Atheist Chaplains?

I stumbled across this recently, an article about possibly adding Atheist “Chaplains” to the military. 

Although I do think that an “Atheist Chaplin” is a little bit of an oxymoron, I think it’s a wonderful idea! Perhaps not to call them an “Atheist Chaplin”, since the whole idea of the Chaplin position is religiously focused, but to have a non-religous position to provide services to atheist service members, similar as those that the Chaplin provides. 

As an atheist myself I found the authors take on the issue to be very accurate. 

As of right now, if that young soldier dying in the field hospital, or that family receiving word of their loved one’s combat death, is atheist, there is no chaplain to represent them. Take myself for example; I am atheist, so is my husband. He is a soldier in the Army who has served three tours in Iraq. If something had happened to him over there, and I’m hurting, the last thing I want is some chaplain who would come and try to comfort me by telling me that he’s gone off to a better place that I don’t believe in. I don’t want to hear that God has taken him in his glory. I don’t believe that. So who will be there for those like me? No one.

And if my husband should be in the position of the dying soldier, the last thing he would want to hear a chaplain doing his best to comfort him with ideas that he doesn’t believe in. He would rather not have a chaplain with him at all. But as a service member, dying for his country, wouldn’t he deserve to have a kind heart there to help him deal with tough emotions without the shadow of religion standing between them?

What do you all think? I would be interested to hear a religious perspective on this issue


4 thoughts on “Atheist Chaplains?

  1. Well as a Christian myself, I believe that God is love BUT when you think about love; it is not forced upon people or at least it shouldn’t be. So I think that it would be good for athiests to have someone there. Maybe not called “chaplain” but someone they can talk to or get encouragement from. Because no matter what a person believes, we are all human and we all need love and someone to be there for us.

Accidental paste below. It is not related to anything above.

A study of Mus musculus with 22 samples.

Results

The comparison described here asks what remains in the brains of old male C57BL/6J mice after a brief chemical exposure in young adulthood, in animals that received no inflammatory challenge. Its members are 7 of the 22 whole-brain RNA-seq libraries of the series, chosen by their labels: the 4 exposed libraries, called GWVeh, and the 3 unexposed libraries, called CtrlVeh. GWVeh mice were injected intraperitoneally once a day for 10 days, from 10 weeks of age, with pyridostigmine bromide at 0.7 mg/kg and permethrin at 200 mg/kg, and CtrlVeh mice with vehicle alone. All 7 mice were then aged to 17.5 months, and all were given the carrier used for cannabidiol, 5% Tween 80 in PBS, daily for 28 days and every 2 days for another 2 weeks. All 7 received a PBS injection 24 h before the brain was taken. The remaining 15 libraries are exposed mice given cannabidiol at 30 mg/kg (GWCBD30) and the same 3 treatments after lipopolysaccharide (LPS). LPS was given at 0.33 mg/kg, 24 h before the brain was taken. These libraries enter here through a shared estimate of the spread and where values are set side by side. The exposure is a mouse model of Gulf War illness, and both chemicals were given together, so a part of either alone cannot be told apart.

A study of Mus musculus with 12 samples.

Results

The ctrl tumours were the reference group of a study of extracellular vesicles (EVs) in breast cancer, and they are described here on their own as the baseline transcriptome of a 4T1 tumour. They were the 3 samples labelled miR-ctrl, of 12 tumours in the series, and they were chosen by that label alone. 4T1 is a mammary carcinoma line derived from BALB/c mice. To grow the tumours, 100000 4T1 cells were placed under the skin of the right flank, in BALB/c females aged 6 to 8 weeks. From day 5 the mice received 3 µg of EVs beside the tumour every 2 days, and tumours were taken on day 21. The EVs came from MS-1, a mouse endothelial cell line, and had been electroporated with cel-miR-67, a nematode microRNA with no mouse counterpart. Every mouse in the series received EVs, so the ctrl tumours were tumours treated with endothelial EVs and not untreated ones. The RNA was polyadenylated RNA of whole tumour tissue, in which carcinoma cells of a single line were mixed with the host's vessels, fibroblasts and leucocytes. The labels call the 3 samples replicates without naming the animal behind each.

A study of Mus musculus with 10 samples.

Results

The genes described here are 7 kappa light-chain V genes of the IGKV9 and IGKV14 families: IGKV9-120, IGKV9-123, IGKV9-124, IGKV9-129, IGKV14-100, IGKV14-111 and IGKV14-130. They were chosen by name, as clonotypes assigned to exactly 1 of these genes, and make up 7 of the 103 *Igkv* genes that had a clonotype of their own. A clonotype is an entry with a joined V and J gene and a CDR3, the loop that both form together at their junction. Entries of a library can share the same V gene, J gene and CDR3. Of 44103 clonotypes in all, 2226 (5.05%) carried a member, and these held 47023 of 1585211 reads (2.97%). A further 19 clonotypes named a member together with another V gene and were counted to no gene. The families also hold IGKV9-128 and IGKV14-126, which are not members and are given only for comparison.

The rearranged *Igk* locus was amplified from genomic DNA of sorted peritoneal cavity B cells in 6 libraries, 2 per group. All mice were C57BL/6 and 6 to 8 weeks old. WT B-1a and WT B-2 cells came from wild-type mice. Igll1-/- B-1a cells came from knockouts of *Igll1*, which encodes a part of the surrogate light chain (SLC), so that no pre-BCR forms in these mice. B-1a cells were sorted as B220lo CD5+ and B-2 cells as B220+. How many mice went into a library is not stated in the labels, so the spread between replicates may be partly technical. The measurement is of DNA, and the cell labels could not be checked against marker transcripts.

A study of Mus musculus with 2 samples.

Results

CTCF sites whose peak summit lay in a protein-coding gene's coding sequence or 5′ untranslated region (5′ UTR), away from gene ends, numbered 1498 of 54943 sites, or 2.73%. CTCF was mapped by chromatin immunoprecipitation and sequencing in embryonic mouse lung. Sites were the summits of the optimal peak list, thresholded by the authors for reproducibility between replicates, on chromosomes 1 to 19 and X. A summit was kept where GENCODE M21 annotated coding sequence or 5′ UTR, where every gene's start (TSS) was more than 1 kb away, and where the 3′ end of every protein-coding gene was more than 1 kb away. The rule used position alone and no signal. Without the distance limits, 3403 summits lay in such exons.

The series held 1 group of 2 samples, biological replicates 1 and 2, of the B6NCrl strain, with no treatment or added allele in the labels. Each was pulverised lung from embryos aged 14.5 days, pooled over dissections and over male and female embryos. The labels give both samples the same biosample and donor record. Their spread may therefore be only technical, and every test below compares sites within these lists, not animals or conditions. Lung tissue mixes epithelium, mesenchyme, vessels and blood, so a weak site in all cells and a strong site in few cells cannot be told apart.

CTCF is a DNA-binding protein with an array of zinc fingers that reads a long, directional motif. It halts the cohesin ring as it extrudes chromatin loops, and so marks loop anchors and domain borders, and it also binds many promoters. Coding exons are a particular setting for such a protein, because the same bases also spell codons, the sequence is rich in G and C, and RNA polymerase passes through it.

2. I’m a Protestant and my husband is agnostic. I have found it incredibly frustrating, especially at our two, very small, overseas bases, that there is no support for non-standard-religious military members.

    If a Christian active-duty member needs to talk to someone without worry about it affecting their career, they can go talk to a Chaplain. But there is no similar service for atheist, agnostic, humanist, etc members. Their choice is to go to mental health or another form of counseling that could potentially cause problems for them in their place of work.

    We went through a really hard time, right after getting here with losing two young members of our squadron and he was in charge of coordinating getting the belongings back to the families of both young men. He definitely could have benefited from having someone to talk to about what he was dealing with emotionally. But seeing a counselor at the clinic would have gone on his record and caused him trouble at work.

    Which is my long-winded way of saying that I completely support the idea of a “atheist chaplaincy.”

    • I completely agree! A counselor is not the same as a Chaplain, so using them as a substitute is not comparable, which is what I think a lot of people feel the solution is.

  3. I love this idea! I’m agnostic and my husband is atheist, and he and I would absolutely detest the idea of a religious chaplain presiding over anything related to us, especially in our final moments. What a forward-thinking and realistic idea.